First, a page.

As time goes on we are learning more and more about the transmission of coronavirus, especially in airborne particles – basically by breathing in the virus from the air.
When we do that we’re inhaling “aerosols”. Distance is important here and inhalation of virus particles is most likely to happen when we’re close to someone who’s breathing them out.
This is because at close quarters aerosols concentrate and become dense. Think of standing close to someone who’s smoking.
As Julian Wang of Leicester University and colleagues point out in the BMJ, people infected with coronavirus breathe out many small particles laden with the virus.
Some of these will be inhaled almost immediately by people within a conversational distance (less than one metre). The rest will travel longer distances to be inhaled by others further away (more than two metres).
Why does distance matter? Well, if we abide by the rules, most of the time it doesn’t. By wearing masks, keeping our distance and avoiding crowded places we’ll avoid inhaling aerosols. But as the tiniest particles can remain airborne for hours, ventilation – open doors and windows – become crucial to drive particles out of reach.
Masks are quite efficient at impeding large droplets from landing on your face, but are only partially effective against inhaling aerosols because tiny particles can enter around any gaps between the mask and your face.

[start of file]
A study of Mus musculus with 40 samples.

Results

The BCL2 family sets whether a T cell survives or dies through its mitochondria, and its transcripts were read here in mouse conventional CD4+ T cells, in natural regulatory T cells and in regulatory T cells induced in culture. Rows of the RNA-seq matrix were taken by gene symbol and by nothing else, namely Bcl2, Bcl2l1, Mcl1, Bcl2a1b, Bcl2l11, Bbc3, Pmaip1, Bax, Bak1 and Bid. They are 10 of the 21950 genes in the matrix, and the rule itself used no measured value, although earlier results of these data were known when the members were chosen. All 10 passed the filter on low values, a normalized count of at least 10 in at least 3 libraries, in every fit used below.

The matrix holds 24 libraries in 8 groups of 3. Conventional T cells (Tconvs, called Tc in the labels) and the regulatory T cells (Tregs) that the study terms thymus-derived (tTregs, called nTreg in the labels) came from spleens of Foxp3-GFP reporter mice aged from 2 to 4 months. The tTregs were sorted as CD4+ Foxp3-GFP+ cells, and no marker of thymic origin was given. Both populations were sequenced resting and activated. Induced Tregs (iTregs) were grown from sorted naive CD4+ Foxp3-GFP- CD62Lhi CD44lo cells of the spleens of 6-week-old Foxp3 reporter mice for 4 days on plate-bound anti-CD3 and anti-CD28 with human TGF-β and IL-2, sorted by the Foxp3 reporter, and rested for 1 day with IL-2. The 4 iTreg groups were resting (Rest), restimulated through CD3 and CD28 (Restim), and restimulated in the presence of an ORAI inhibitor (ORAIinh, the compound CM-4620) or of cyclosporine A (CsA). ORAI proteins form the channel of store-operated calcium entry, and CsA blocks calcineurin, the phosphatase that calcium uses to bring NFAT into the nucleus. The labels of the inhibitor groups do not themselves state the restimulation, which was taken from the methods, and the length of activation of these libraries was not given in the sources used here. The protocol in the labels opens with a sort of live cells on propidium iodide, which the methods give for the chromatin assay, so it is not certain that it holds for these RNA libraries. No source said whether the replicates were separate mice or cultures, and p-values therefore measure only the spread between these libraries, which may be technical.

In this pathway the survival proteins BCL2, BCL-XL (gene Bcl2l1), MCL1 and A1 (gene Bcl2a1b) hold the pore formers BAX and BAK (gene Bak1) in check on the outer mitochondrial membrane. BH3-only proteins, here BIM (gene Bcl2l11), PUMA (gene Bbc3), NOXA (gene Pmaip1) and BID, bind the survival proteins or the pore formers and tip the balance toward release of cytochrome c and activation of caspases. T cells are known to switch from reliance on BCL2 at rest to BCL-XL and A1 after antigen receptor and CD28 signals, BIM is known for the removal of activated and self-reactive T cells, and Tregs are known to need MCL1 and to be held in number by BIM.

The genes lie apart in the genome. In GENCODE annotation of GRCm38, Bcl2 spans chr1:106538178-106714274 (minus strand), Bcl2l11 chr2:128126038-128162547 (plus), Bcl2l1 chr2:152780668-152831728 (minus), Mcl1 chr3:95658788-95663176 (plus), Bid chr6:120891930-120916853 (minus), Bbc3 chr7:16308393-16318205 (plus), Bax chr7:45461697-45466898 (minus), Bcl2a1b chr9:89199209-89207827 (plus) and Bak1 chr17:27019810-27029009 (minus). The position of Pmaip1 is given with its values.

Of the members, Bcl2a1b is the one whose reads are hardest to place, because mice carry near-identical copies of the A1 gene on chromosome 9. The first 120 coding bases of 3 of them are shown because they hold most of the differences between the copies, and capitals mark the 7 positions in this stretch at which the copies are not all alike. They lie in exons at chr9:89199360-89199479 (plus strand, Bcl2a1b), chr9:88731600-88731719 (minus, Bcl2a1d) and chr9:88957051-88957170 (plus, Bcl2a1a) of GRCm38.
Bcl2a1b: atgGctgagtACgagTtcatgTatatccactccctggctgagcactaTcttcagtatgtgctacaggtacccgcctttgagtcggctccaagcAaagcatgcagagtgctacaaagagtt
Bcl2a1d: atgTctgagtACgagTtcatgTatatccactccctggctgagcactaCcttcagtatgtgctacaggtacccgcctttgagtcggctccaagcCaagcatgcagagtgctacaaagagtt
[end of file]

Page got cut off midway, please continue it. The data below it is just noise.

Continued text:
If the virus was only transmitted through larger particles (droplets) that fall to the ground within a metre or so after exhalation, then mask fit would be less of a concern.
As it is, even healthcare workers wearing surgical masks have still become infected.
With the airborne spread of coronavirus now fully recognised, we’re still only just understanding which activities generate aerosols.
But given that we can now accept that coronavirus transmits mostly between people at close range through inhalation, it’s a good idea to keep your everyday conversations brief and at more than a one-metre distance.
I think Covid-19 will probably become seasonal and we’ll have to learn to live with it as we do with flu.
Improving indoor ventilation and air quality, particularly in the areas of healthcare, work and education, will help all of us to stay safe, now and in the future.